Dataset: OGCM/OCMIP-Najjar
Deployment: USJGOFS_SMP

Evaluation and intercomparison of three-dimensional marine carbon cycle models
Co-Principal Investigator: 
Dr Kenneth Caldeira (Lawrence Livermore National Laboratory )
Scott Doney (National Center for Atmospheric Research, NCAR)
Dr Robert Key (Department of Geosciences, Guyot Hall )
Raymond Najjar (Pennsylvania State University, PSU)
Christopher L. Sabine (National Oceanic and Atmospheric Administration, NOAA-PMEL)
Jorge Sarmiento (Princeton University)
BCO-DMO Data Manager: 
Cynthia L. Chandler (Woods Hole Oceanographic Institution, WHOI BCO-DMO)

The main objective of the proposed work is to accelerate the development of global three-dimensional  (3-D) models of the pre-industrial marine carbon cycle and its anthropogenic perturbation.  We propose  to achieve this objective through a coordinated evaluation and intercomparison of four existing models of this type in the United States.  Global observational data sets-such as those provided by the Joint Global Ocean Flux Study (JGOFS), satellite ocean color measurements (such as the Sea-viewing Wide Field of View Sensor, SeaWiFS), and historical compilations-will provide and unprecedented opportunity for model evaluation and improvement.  The proposed project will capitalize on this opportunity through the direct involvement of observationalists and data synthesists in the model evaluation process.  By intercomparing controlled and carefully designed simulations by the four models, which have profound differences in their treatment of biogeochemical and physical aspects of the marine carbon cycle, we expect to improve the models at a rate much greater than would be achieved by individual modelers working in isolation.

Three distinct evaluation/intercomparison activities will be undertaken.  First, recognizing that ocean circulation plays a key role in the marine carbon cycle, aspects of the models' circulation fields that are relevant to the marine carbon cycle will be evaluated by conducting simulations of chlorofluorocarbons, natural radiocarbon and bomb radiocarbon.  Second, simulations of the uptake of anthropogenic CO2 will be conducted and then evaluated with observed distributions of surface pCO2 and observationally-based estimates of marine anthropogenic inorganic carbon.  Third, the natural marine carbon cycle will be simulated using a variety of approaches, the simplest of which will be common to all of the circulation models.  These simulations will be evaluated using observed distributions of surface ocean color, phosphate, oxygen, dissolved inorganic carbon, surface pCO2.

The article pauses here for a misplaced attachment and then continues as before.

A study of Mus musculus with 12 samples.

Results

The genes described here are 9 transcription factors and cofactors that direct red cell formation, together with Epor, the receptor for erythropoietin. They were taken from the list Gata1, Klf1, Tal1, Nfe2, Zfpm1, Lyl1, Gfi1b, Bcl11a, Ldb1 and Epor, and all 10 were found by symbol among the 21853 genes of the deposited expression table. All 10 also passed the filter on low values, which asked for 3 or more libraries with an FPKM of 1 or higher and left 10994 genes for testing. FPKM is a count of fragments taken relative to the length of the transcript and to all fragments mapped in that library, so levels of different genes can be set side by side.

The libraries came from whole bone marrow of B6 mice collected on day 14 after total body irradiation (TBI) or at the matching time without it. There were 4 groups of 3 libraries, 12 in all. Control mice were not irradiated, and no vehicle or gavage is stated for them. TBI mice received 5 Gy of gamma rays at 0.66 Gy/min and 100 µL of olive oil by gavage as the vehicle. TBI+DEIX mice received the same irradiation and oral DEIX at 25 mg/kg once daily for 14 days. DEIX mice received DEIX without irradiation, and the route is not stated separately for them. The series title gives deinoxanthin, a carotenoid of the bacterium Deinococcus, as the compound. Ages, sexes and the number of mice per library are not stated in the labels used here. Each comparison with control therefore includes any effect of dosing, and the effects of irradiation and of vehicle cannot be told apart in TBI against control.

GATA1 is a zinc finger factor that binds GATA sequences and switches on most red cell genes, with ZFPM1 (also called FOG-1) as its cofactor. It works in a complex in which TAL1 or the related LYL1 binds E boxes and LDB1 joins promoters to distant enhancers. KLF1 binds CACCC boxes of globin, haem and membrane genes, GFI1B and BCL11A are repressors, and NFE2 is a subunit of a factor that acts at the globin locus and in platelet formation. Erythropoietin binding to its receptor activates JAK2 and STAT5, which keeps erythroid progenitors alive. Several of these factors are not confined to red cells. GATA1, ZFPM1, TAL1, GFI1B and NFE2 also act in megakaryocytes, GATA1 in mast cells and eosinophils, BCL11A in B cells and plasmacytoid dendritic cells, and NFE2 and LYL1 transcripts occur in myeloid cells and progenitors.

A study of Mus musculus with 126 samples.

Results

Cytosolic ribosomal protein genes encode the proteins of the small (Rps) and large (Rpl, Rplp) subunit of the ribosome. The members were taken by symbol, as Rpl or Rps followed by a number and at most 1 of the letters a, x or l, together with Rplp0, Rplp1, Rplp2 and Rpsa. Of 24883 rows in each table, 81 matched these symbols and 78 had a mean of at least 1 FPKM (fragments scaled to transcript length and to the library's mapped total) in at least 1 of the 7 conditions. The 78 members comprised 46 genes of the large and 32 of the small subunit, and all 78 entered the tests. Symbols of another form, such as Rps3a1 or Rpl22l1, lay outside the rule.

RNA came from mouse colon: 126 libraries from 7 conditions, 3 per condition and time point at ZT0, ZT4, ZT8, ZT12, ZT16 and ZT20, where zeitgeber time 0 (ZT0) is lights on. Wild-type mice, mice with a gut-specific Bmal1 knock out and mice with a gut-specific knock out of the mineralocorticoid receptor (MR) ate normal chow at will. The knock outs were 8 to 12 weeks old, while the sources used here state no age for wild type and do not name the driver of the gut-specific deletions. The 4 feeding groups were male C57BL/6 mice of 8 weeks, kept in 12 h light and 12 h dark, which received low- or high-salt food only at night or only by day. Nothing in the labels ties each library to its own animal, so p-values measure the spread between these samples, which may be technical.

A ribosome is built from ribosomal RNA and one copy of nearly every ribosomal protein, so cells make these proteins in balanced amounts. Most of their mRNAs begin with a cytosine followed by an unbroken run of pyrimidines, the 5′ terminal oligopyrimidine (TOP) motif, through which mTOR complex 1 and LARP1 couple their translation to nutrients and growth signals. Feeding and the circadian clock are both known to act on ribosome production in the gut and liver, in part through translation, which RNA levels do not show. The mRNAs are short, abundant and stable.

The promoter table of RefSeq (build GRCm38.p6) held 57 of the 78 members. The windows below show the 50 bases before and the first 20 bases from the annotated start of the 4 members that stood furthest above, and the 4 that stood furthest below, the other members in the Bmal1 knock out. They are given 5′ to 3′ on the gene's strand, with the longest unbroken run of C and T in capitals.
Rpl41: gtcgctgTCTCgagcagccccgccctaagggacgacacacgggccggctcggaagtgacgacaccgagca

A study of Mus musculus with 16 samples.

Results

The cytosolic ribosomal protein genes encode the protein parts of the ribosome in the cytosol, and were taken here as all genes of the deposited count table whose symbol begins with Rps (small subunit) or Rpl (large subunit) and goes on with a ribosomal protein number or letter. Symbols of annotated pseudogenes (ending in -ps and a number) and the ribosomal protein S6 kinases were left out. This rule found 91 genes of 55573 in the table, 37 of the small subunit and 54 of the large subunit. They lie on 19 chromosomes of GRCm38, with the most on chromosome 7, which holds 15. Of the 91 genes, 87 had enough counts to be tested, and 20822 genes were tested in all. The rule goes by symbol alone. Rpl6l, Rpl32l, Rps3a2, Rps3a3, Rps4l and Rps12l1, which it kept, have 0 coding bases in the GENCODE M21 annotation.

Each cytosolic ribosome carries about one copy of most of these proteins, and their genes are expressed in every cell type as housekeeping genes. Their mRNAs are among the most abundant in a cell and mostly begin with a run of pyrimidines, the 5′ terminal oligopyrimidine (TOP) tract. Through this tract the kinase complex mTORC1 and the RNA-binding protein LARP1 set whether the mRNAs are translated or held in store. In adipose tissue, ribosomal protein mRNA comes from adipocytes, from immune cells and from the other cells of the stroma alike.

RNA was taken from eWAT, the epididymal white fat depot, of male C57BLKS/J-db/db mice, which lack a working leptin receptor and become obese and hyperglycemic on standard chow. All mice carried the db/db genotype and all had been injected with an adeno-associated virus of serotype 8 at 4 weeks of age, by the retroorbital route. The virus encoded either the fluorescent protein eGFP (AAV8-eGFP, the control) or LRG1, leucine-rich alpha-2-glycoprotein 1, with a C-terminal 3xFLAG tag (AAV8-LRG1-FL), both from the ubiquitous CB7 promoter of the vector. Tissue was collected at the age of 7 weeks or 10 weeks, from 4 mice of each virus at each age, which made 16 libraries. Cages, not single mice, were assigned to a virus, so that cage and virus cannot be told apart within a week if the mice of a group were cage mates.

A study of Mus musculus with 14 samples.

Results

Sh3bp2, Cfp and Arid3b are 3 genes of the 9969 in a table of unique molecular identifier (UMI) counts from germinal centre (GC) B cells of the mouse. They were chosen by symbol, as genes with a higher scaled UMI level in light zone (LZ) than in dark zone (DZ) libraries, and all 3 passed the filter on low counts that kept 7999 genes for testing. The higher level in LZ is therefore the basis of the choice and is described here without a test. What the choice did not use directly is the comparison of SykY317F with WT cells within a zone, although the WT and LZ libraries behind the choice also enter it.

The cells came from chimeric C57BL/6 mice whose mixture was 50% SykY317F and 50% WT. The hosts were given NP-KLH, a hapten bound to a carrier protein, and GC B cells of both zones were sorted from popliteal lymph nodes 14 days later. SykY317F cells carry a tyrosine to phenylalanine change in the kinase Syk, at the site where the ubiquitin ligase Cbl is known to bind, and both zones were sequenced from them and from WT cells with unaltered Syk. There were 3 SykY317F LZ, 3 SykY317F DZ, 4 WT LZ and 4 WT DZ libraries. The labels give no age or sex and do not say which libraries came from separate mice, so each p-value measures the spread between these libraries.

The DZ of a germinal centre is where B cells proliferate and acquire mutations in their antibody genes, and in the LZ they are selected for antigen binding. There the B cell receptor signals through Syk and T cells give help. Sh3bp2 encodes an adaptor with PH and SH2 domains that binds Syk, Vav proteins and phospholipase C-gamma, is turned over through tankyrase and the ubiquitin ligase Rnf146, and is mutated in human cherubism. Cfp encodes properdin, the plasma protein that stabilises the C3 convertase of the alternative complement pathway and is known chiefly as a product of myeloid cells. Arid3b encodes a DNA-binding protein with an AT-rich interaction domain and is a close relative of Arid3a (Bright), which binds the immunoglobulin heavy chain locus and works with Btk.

The above set of controlled simulations is based on a framework proposed by the Ocean Carbon-cycle Model Intercomparison Project (OCMIP), an international project initiated in 1995 by the Global Analysis, Interpretation and Modeling (GAIM) Task Force of the International Geosphere-Biosphere Program (IGBP). We are seeking support for the U.S. participation in the next phase of OCMIP, bringing to it three more modeling groups, closer collaboration with those conducting and synthesizing observations, and a more structured evaluation/intercomparison of natural carbon cycle simulations. We will coordinate with a related European effort consisting of seven individual marine carbon cycle modeling groups. Model results and data analyses will be submitted to central analysis facilities (established by OCMIP) in Europe and the U.S. for processing and posting on an Internet site accessible to all participants immediately, and soon after to the general scientific community.  We expect this interchange of model output and data syntheses on an international level to greatly accelerate the development of global 3-D marine carbon cycle models and therefore contribute to two of the major elements of the JGOFS Synthesis and Modeling Project: (1) extrapolation and prediction and (2) global and regional balances of carbon and related biologically-active substances.